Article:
When I was little, my dad and I spent Sunday mornings on the Santa Monica beach. Before heading home we'd sometime hike up to the pier and buy a newspaper cone of freshly made potato chips from a little stand there and share them on the ride home. They were warm, and slightly soft in the middle, just out of the fryer.
While it's not exactly realistic to fry up your own chips every time you get the munchies, a bowl of freshly fried, thinly spliced spuds is a great thing to serve with drinks to a peckish crowd before dinner.
You need a mandoline. We talk a lot about mandolines here on the site — here's a post with a nice string of comments — so if you haven't gotten one yet, and these chips appeal, maybe now's the time. Otherwise you'll probably get pretty frustrated when you try to slice the potatoes evenly.
This is not a neat and tidy project, nor is it the safest; wear an apron and keep the kids away. You need oil with a high smoking point, meaning oil that can get very hot before it starts burning. Peanut oil and safflower oil both work well because they have a neutral flavor.
When they're still hot, I sprinkle on some rosemary because it's a great complement to potatoes, but flavor them however you'd like: other herbs, no herbs grated hard cheeses like Parmesan, or dry spices. You get the picture.
I have not provided amounts in the recipe because potato sizes vary so dramatically, and slicing thickness also varies enough to alter yields. For me, for each pound of potatoes, I get the equivalent yield of the contents of an average bag (not individual-size bag, not extra large party-size) of store-bought potato chips, usually about 10 ounces.
Homemade Potato Chips with Rosemary
Russet (Idaho) potatoes (but don't be afraid to experiment with other starchy potatoes like sweet potatoes and blue potatoes)
Peanut oil (I usually get a 24-ounce bottle, which gets me through three batches)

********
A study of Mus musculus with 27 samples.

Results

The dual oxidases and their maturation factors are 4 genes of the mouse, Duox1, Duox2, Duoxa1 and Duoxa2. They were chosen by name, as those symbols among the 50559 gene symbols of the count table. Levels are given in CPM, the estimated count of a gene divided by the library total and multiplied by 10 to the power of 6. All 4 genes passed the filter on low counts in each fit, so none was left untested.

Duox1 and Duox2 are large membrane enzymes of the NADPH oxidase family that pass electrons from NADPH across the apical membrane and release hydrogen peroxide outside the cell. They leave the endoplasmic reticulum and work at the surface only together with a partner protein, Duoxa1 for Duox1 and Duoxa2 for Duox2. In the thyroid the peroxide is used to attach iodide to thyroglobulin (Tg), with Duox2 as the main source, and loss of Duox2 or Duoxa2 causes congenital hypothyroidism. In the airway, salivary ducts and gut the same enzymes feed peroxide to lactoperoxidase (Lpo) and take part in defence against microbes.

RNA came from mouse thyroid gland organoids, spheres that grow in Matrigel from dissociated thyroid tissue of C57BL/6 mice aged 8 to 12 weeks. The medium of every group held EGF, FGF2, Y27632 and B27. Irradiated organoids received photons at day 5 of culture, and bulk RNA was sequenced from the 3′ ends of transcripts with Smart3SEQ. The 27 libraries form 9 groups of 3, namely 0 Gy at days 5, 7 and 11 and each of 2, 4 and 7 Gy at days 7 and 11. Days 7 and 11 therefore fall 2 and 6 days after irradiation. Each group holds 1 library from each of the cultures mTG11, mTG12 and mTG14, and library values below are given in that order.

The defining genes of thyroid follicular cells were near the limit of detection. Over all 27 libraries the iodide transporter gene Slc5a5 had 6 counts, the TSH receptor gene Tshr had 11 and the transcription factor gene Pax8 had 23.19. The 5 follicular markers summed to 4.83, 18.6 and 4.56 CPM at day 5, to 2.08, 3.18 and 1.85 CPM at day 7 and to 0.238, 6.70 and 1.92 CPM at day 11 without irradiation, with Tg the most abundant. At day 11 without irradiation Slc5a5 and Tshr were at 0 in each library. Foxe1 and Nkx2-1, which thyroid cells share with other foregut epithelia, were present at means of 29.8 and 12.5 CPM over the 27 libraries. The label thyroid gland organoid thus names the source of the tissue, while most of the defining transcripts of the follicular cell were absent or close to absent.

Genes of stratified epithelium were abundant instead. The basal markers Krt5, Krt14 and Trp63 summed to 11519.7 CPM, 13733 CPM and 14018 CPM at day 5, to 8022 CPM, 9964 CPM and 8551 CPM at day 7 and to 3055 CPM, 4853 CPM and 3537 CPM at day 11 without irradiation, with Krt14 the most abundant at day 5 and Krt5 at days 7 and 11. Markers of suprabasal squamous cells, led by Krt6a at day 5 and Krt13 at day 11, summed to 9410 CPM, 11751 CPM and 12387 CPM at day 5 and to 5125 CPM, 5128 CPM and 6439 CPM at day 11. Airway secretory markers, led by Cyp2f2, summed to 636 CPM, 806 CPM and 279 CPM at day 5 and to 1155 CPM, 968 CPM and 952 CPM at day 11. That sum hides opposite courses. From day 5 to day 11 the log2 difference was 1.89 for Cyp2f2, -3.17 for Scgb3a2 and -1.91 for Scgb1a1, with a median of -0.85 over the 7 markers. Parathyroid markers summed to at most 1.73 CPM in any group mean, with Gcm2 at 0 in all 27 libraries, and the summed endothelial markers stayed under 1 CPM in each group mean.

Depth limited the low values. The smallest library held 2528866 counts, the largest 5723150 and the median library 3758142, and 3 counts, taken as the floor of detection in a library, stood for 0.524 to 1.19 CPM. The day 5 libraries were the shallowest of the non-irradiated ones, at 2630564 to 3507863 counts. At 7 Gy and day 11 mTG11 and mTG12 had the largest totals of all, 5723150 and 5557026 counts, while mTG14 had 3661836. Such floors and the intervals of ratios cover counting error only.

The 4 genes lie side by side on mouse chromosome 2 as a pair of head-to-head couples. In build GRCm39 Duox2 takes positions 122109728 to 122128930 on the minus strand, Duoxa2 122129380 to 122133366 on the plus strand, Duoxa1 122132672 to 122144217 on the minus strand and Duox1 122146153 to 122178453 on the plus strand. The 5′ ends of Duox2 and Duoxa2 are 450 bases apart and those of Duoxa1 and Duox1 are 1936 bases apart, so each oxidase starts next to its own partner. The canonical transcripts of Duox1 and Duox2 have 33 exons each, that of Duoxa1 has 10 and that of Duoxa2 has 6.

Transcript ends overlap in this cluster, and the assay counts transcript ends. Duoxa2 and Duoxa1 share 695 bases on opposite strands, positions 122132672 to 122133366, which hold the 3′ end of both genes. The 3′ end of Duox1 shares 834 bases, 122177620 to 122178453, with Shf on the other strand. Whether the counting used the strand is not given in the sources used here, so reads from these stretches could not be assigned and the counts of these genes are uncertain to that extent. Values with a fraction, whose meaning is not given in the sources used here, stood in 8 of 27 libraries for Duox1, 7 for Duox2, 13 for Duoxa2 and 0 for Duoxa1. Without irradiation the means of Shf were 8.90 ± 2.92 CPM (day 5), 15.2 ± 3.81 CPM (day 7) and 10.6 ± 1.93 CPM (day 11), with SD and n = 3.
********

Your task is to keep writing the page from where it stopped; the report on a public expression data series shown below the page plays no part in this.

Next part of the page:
Flaky sea salt
Prepare an area to drain and dress the chips. A few paper grocery bags or some spread out newspaper both work well. Have a little bowl with the salt and another with the chopped rosemary.
Scrub potatoes clean then slice them crosswise on a mandoline about 1/8 - 1/4-inch thick. Make sure the thickness is consistent, otherwise the chips will cook differently.
In a large skillet over medium-high, heat enough oil to fill the pan 3/4 - 1-inch deep. You can use the same batch of oil to cook several batches of chips. You may want to get two pans going at once if you can work that quickly, otherwise it can take a while to get through all the slices.
When oil reaches about 350° F (see these tips for how to tell when oil is ready), gently but quickly lower in enough potato slices to loosely cover the surface area of the pan. Use a set of metal tongs to nudge the potatoes away from each other if they start to stick. When the edges begin to curl and color starts to emerge, turn them over. They should cook about 1-2 minutes per side.
Pull them out with the tongs and set on the paper to drain. Immediately sprinkle with pinches of salt and chopped rosemary.
The dip shown is simple to make: sour cream and chopped fresh herbs (I used basil, Italian parsley and chives) plus some lemon zest and powdered cumin.